BURYING THE SOUTH

162
3
Submitted Date 03/04/2019
Bookmark

The American Civil War is a period of history most of us grow up learning about. Depending on where we grew up, though, we learned about it in very different ways. I’m not originally from the South. I grew up near the Rocky Mountains. There, our education was skewed in favor of the North. We learned that Abraham Lincoln wanted to end slavery in the South and so the South rose up in defiance. When I moved to Georgia, I quickly learned that Civil War studies were taught from another perspective.

Slavery gets the most attention by far, as the trigger issue for this civil conflict. The economic factors involved often get little attention. In the northern states, the economy was based around the booming industrial age; railroads, factories, coal. Down south, the economy was all about agriculture; tobacco, cotton, plantations. Since it was the slaves who did most of the labor in agriculture, the issue of their freedom was directly tied to the area’s economic prosperity. Abolishing slavery would directly impact the labor force in the South.

I’m firmly against slavery, in our country’s past and in the world’s present. So, it would be reasonable to expect that I’d support the recent movement to tear down symbols of the Confederacy. But I don’t. Here’s why.

The Confederate flag, like any other, is just a flag. It’s a piece of fabric (or what have you) printed with ink or paint. By itself, this object has no agency, no ability to affect much at all. The flag is not racist or anti-anybody, having no brain to formulate these opinions with. Where it gains power is as a symbol. As humans, we take in this symbol and ascribe a certain meaning to it. So this flag is what we make of it.

When some of us look at this flag, it conjures feelings of hatred. It’s viewed as a symbol of the terrible atrocities that one group of humans inflicted on another group of humans. It’s a reminder of shame, a dark smear on history. It’s an emblem of a group who still do not support racial equality.

When some of us look at this flag, it evokes sentiments like a connection with our past, tradition, home. It’s a symbol of a way of life. It represents the proud heritage of people in a certain region. It’s a tie to family and history.

Much the same can be said of the statues of Confederate soldiers and officers that dot college campuses and civic centers. Some people say that both the Confederate flag and the statues should be demolished, disposed of, destroyed. Some people say the opposite.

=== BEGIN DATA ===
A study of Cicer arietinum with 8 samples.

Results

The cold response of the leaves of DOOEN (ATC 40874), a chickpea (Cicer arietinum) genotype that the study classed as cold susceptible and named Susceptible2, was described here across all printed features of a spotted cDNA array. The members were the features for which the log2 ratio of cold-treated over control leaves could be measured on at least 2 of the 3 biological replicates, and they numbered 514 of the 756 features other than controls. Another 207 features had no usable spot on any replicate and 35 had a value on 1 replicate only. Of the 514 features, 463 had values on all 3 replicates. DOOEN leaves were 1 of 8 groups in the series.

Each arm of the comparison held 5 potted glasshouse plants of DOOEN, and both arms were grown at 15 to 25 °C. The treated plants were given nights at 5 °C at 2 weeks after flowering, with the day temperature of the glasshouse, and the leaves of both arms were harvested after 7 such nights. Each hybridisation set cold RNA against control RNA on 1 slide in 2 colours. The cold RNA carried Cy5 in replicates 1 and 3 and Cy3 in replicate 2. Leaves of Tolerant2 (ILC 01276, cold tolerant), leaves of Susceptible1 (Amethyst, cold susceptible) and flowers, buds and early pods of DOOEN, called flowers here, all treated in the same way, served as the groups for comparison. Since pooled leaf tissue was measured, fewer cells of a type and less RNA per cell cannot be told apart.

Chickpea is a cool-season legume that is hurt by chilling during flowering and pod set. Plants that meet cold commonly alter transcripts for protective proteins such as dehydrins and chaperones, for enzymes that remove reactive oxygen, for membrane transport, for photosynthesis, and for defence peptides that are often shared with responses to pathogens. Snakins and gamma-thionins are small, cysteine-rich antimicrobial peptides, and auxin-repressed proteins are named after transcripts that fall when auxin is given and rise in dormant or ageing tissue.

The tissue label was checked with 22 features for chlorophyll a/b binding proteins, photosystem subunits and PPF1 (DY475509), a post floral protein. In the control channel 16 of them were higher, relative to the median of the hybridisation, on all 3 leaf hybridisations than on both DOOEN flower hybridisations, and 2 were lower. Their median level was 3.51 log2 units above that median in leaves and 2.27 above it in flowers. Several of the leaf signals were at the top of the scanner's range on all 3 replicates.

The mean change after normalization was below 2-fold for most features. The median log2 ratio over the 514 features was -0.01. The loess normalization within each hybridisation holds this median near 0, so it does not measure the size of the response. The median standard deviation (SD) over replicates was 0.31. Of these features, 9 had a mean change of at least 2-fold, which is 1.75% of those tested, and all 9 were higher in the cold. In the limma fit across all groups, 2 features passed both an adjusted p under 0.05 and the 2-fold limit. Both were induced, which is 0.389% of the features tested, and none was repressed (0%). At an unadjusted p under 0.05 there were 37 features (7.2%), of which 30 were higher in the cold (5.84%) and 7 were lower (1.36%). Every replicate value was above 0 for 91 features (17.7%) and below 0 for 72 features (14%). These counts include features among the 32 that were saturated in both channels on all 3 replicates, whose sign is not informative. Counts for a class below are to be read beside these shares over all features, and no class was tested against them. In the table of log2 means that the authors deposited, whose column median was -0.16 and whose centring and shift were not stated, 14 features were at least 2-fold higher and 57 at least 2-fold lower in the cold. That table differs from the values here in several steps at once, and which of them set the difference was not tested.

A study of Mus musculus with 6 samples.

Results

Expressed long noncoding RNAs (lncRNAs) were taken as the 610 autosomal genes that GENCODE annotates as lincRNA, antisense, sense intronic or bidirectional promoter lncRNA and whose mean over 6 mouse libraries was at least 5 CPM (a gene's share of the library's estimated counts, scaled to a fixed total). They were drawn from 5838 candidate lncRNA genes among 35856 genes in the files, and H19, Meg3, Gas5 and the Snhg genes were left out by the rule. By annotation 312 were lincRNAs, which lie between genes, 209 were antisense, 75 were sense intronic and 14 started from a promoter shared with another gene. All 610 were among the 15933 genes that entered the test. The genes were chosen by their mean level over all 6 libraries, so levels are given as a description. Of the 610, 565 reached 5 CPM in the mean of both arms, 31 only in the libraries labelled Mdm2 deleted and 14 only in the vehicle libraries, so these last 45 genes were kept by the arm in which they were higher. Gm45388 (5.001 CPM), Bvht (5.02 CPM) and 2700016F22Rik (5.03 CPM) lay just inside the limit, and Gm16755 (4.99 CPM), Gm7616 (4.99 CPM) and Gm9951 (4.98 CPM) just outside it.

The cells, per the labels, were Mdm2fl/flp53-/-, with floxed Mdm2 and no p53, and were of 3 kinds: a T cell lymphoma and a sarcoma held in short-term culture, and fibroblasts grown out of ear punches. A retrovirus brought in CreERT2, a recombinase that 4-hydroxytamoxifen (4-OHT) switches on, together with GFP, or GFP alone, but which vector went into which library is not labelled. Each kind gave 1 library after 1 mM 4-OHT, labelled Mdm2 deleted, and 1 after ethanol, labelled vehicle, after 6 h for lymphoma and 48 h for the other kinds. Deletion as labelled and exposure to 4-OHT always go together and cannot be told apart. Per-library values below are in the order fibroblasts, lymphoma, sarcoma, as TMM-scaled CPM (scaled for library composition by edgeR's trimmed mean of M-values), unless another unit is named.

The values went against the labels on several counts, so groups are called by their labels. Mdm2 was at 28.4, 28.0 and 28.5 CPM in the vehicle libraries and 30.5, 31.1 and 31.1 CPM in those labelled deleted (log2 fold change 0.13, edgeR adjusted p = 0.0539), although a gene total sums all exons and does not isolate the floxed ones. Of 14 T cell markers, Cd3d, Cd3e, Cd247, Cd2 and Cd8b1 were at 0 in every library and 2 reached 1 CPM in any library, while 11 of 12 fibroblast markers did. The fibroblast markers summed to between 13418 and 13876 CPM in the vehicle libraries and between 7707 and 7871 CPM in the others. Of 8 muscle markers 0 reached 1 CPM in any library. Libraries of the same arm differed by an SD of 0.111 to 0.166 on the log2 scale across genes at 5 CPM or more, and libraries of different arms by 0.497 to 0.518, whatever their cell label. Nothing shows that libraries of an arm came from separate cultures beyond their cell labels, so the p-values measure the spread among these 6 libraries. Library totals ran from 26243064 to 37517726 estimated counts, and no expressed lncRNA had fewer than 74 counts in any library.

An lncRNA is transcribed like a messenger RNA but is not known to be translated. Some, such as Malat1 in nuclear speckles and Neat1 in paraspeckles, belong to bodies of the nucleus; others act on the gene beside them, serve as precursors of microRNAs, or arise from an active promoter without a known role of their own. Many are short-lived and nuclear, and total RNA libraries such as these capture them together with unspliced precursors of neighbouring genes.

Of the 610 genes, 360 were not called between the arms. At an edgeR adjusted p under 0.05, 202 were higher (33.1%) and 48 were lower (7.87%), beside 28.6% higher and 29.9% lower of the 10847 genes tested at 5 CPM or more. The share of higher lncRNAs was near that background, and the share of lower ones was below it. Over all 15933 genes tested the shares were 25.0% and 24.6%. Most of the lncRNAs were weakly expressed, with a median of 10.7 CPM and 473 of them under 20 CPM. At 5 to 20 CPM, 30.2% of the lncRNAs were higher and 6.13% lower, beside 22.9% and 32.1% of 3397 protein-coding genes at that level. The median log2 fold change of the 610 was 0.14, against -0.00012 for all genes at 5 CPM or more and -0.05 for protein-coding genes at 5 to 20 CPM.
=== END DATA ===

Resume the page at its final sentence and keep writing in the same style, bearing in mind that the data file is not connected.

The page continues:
I say that the statues and the flag are very important. Poet and philosopher George Santayana once wrote, ”those who cannot remember the past are condemned to repeat it." Do I support the KKK and the Alt-Right? Emphatically, no. Do I think that race relations in this country should be part of our discourse? Emphatically, yes. How will we celebrate the heroes of the Civil Rights movement without remembering what they were fighting against?

Burying the symbols of the Confederacy will not erase the past. It will not undo the horrifying realities of slavery. It will not bring back lives. By keeping these reminders up, we mark an important place in time. By leaving the statues in place, we remember that a war was once fought in this country, we remember that there are shadows in our past, and we gauge the distance we’ve come. One of the first things conquerers do is tear down the statues and symbols that contribute to a nation's identity.

I will say, though, that the information accompanying Confederate statues could do with an update. Perhaps, we could recognize the efforts of these soldiers, but also bring to light the negative results of their actions, or motivations. Then, these symbols can serve to educate, to encourage people to consider the past in new ways, and remind us to learn from history.

*Image from the Library of Congress via Picryl

Related Stories

Comments

Please login to post comments on this story

  • Tomas Chough 2 weeks ago

    Interesting perspective. I don't think I've ever thought of it that way but it makes sense. It's definitely important to remember those moments in history. Thanks for sharing Jen!

    • Jen Parrilli 1 week, 6 days ago

      Thanks for reading, Tomas! I'm glad you're willing to consider things from a new perspective.

  • Kim Rammien 1 week, 5 days ago

    Absolutely, Jen! I grew up in Pennsylvania. Gettysburg was an annual trip with my step father as president of our town's little league. I was educated on the northern perspective of the Civil War. I moved to Virginia at 22 and started dating a guy from South Carolina at 26. I was amazed at the different views on the Civil War in the different parts of the country. In PA, we didn't really differentiate between the north and south in any way other than a geographic direction. In VA and SC the 'North' still holds a derogatory connotation. I was called a Yankee for years. I agree 100% with the idea of not removing flags and statues. Removing them will not make the atrocities of slavery go away but it will make future generations less aware of what happened. Great post!